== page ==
Entry 28 ~ March 18, 2011
Pretty in Pink
This might come off as more of a soap box ranting rather than a journal about every day life with my family, but certainly worthy discussion, even if I am only discussing it with my keyboard. I recently came across an article by Peggy Orenstein. Actually, it was an older article, published in 2006 in the New York Times, entitled "What's Wrong With Cinderella?" Orenstein also authored a book recently published called "Cinderella Ate My Daughter: Dispatches from the Frontlines of the new Girlie-Girl Culture," which I have not read. But in becoming acquainted with Peggy Orenstein's feminist motherhood, I find that I truly respect her, but I disagree with her feelings on the whole princess thing and feel like the whole issue may be vaguely blown out of proportion.
I have two daughters, identical twins, raised in the same environment, at the same time, under the same circumstances. They look alike, but they are oh-so different. Reese likes pink and there is no way around it. She likes frill and foof. She runs with a graceful prance, her curls bouncing. She likes lipstick and nail polish and pretty hair. Reagan on the other hand, likes red, but pink too, and blue and lots of other colors, for that matter. She likes playing ball and when she runs, I envision her one day sliding into home plate in a plume of dust and dirt. She doesn't care if her hair is pretty or if it's in her face…depends on her mood. She swings a baseball bat like a boy, while Reese throws like a girl.
I have bigger concerns than whether my daughters want to wear pink and whether they want to be princesses. I know that Disney is marketing this stuff, and it's not to turn little girls into pink princesses, it's to make a buck. My concerns are far greater than whether my daughters want to be princesses. I don't want my daughters watching the oh-so-cute cartoon "Rugrats" because I don't want them to emulate nasty Angelica, who calls people "stupid," and behaves in a rude manner to everyone around her. I will do everything I can to protect my daughters from the pressures of society that continually portray women as "thin is better." I want to teach them to love their body with all its imperfections. I'll do the best I can to protect them from the influences of the mass media, this society of sex, drugs and violence.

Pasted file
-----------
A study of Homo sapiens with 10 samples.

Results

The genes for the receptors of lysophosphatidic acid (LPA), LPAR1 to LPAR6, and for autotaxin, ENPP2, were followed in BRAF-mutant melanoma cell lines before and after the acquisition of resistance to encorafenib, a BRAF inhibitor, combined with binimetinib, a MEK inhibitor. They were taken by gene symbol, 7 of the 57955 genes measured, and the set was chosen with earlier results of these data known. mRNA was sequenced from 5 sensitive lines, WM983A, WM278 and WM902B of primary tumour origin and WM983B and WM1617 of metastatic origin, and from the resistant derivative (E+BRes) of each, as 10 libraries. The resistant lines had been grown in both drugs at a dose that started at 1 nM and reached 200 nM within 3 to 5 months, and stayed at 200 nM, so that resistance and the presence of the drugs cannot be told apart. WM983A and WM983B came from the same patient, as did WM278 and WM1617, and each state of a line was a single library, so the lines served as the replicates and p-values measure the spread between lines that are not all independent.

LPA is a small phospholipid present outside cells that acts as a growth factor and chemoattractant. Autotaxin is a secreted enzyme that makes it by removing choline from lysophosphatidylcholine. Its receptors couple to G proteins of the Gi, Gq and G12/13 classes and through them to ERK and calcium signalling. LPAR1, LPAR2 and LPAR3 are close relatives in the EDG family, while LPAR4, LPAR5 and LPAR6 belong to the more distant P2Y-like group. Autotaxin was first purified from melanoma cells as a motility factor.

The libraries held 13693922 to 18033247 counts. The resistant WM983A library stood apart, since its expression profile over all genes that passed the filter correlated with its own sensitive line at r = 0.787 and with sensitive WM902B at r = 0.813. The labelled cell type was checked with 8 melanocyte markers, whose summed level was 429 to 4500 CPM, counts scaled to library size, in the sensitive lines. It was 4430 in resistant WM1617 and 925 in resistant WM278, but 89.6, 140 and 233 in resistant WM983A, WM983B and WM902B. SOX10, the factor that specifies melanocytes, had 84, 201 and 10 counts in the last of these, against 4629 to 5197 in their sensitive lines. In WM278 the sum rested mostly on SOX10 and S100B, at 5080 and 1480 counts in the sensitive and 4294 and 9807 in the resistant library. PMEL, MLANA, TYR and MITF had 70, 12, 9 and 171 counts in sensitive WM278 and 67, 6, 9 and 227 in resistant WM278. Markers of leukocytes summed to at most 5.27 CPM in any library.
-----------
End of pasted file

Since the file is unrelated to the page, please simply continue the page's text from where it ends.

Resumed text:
Good old Ann Landers said it well, when she said, "It is not what you do for your children but what you have taught them to do for themselves that will make them successful human beings."
When I was growing up, it was my job to wash dishes, vacuum and dust. I learned to cook and sew buttons and properly wash a toilet. My brothers were commissioned to empty the garbage, mow the lawn and stack wood. What these assigned tasks accomplished was defining very gender specific roles in our household at a young age.
I expect all of my children to complete a variety of chores. Reese and Reagan will be emptying trash, as well as cleaning and cooking for that matter. Brody and Treyton will know how to cook and do laundry. Every autumn, our entire family spends a weekend outside doing yard clean up, one and all. Last fall we had Treyton bundled in a car carrier placed in a wagon, and we hauled him around the yard, while Reese and Reagan had miniature rakes, and Brody helped haul leaves. It's a team effort.
I seem to have completely digressed from my initial ranting. I guess my point is, that I don't care if either or both of my daughters love princess and pink and all things frilly. What is most important as a mom, is to craft them into strong, independent young women. If Reese wants to wear pink every day of her life, so be it, provided that she helps in the house, can check the oil in her vehicle (someday, in the far far-away future), and becomes the person I hope and expect that she and her sister will be: trustworthy, confident, upstanding, faithful, God-fearing, loving and kind. Not to say I don't expect bumps in the road along the way, with all the kids, but my wish for my daughters has less to do with princesses and everything to do with who they become.
Last week, after Reese, enchantedly watched Cinderella for the 264th time, as Cinderella and Prince Charming glided down the cascading stairs after marrying each other at the end of the movie, and were whisked away in a fancy carriage . . . she asked, "mommy, where they going?" Good question, Reesie.
Happy third birthday girls, my beautiful little princesses.